If everything goes right for the Rockies in 2021, they could very easily finish in fourth place in the NL West. Hey, if everything also goes wrong for the Diamondbacks and Giants, they could even finish in third place. That is to say, the immediate future looks pretty grim for Colorado and the outlook doesn’t get any sunnier beyond 2021. Trevor Story, who has put up 21 rWAR in five season with the team, will enter free agency at the end of the season. At the same time, Nolan Arenado, the fourth most valuable player in Rockies history, could opt out of the five years and $164 million that would be remaining on his contract.
It’s increasingly likely that one or both of these players will be traded before Opening Day, but the following statements can all be true:
- The Rockies will be bad in 2021.
- It’s unlikely that Story or Arenado will return in 2022.
- The Rockies should not trade Nolan Arenado or Trevor Story.
The only way the last statement would be wrong is if there is a zero percent chance that Story or Arenado will be Rockies in 2022 and beyond. The chance of that happening is likely closer to zero than it is to 100, but so long as Colorado has any hope of keeping them around, they should make every effort to do so.
In an article at The Athletic (subscription required), Nick Groke spelled out three reasons that the team is going to have trouble doing that, however. Revenue sharing was paused in 2020, and there’s a chance the 2021 season will be played without it. The Rockies had the second-lowest TV deal in the majors, and it appears that their new deal will be for less than owner Dick Monfort had hoped. Finally, the Rockies dug themselves into a hole with several other bad contracts. The Rockies still owe Ian Desmond $8 million of his now $55 million contract. Daniel Murphy’s club option was bought out for $6 million. Desmond has combined for -3.2 rWAR in a Rockies uniform while Murphy put up -0.9.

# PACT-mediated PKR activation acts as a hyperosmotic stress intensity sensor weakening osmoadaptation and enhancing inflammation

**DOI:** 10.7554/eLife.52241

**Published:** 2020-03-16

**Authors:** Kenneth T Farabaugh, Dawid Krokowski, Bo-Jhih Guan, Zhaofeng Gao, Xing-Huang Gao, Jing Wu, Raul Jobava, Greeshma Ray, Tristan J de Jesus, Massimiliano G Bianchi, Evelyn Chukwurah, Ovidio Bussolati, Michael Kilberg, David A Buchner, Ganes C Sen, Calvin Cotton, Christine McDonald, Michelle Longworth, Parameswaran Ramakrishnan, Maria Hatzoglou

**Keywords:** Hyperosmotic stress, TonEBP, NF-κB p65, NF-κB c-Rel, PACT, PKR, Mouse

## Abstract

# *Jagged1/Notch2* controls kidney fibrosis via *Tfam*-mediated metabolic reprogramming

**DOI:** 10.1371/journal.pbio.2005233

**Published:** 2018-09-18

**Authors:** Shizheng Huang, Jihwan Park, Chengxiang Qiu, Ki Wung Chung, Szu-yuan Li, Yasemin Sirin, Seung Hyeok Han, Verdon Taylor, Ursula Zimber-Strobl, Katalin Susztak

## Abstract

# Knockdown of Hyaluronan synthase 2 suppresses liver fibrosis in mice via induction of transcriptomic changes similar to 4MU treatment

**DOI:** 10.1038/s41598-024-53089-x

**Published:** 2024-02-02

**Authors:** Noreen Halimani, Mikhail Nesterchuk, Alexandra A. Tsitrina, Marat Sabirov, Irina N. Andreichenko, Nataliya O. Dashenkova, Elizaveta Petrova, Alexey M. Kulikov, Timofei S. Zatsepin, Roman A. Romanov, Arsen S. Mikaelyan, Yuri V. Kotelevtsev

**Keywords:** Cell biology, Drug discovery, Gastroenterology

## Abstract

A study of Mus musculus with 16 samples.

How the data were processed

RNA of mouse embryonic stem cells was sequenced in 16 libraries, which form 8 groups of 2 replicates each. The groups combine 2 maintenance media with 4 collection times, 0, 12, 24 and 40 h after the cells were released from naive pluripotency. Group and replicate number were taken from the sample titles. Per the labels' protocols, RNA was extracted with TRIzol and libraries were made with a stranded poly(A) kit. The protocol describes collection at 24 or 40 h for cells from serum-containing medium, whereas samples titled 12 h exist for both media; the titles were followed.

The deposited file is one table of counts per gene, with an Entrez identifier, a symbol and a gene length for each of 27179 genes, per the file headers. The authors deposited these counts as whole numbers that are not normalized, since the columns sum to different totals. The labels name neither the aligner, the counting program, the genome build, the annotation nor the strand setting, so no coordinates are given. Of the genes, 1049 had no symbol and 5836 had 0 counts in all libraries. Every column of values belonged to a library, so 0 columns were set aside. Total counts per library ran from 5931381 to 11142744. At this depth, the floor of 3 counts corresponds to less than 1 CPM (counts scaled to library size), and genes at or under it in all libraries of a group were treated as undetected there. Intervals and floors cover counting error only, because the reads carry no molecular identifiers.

What these excuses boil down to is money, money, and incompetence. What a travesty it would be for Rockies fans if ownership told them, “Sorry we couldn’t keep the face of the franchise around. We’re too poor and inept. Anyway, we’re going to continue running your team into the dirt. kthxbye.” If Arenado and/or Story are shipped out, I somehow doubt the Rockies would continue to draw the sixth-highest attendance in baseball when fans are able to safely return to the ballpark.
In a just world, Dick Monfort and general manager Jeff Bridich would be leaving Colorado, not Arenado or Story. Monfort and Bridich could try to rebuild all they want, but the pair hasn’t shown that they won’t end up right back where they started. Monfort has been criticized as being too hands-on. Aside from getting Germán Márquez from the Rays, Bridich’s trade history has been lackluster and his free agent signings have been mostly a disaster. That doesn’t figure to improve any time soon.
Colorado’s analytics department, which was already one of the smallest in the majors, has been gutted by departures. As of December 9, the Rockies had two people in their research and development team as four of the six members left for jobs outside the sport. To the Rockies’ credit, they didn’t furlough or lay off their analytics department, but the fact that so many of them were willing to leave lends some credence to the theory that R&D wasn’t being listened to.
Bridich and Monfort could trade Arenado and/or Story, and sure, it might save them a few bucks and net a top-100 prospect or two. But there’s no guarantee that they could do anything with the resources they would gain in the trade. If the Rockies had a savvy front office, there’s an easier argument to be made for trading Arenado or Story given their predicament, but a savvy front office would have never gotten into a situation where having Arenado and Story on their team was a problem.
Kenny Kelly is the managing editor of Beyond the Box Score.